I remember those prayer-filled moments in Latin America as if they happened last week. I was only 14 at the time, on a short-term mission trip with Teen Mania in Venezuela. If we saw an ambulance go by, we would stop to intercede. When one of us was sick, we prayed. At a new ministry site we would pray, go out to invite people to come see our drama, and then pray them into the kingdom. Every moment was fueled with prayer.
How can we capture that kind of fervor for ordinary days?
During our pastor's sabbatical, he has invited us to read Mark Batterson's, Draw The Circle with him. Forty brief chapters, spread over forty days, invite readers to pray, and in so doing to draw circles around areas of life they want to see transformed by God.
I'm drawing circles around my students, my neighbors, family members, unbelieving friends, my dreams, and yes, my dissertation. It's amazing to watch God answer. Did he change the course of history because of my prayers? Or did my prayers simply wake me up so that I could watch him at work? Or is it some of both?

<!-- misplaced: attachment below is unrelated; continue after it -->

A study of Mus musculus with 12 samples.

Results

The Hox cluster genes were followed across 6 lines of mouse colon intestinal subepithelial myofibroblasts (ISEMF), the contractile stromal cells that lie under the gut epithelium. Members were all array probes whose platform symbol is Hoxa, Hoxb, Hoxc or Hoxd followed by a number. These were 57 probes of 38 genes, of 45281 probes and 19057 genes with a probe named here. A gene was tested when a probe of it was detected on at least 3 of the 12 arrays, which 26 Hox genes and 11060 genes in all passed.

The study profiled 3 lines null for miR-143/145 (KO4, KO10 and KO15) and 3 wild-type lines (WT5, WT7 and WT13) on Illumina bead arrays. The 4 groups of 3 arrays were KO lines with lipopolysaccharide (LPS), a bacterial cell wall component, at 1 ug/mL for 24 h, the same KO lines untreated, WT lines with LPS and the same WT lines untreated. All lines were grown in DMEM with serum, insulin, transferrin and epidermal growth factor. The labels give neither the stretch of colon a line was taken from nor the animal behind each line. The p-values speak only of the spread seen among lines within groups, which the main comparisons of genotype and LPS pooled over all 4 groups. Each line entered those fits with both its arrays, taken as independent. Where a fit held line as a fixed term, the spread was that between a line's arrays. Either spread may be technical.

Batterson says that praying makes us "first-class noticers," people who "see things no one else sees" (67). "Prayer," he says, "is the key to perception" (70).
And so I pray for a student who has been absent from class. That prayer prompts me to write them an email. I continue to pray, and they respond, asking if we can talk. Their struggle fuels more prayer (and along with it the sense that we are in this together). Meanwhile, I begin to pray for another student who appears burdened, drawing a circle around that name and asking God to intervene on their behalf. And then I watch and wait. I don't want to miss God's answer!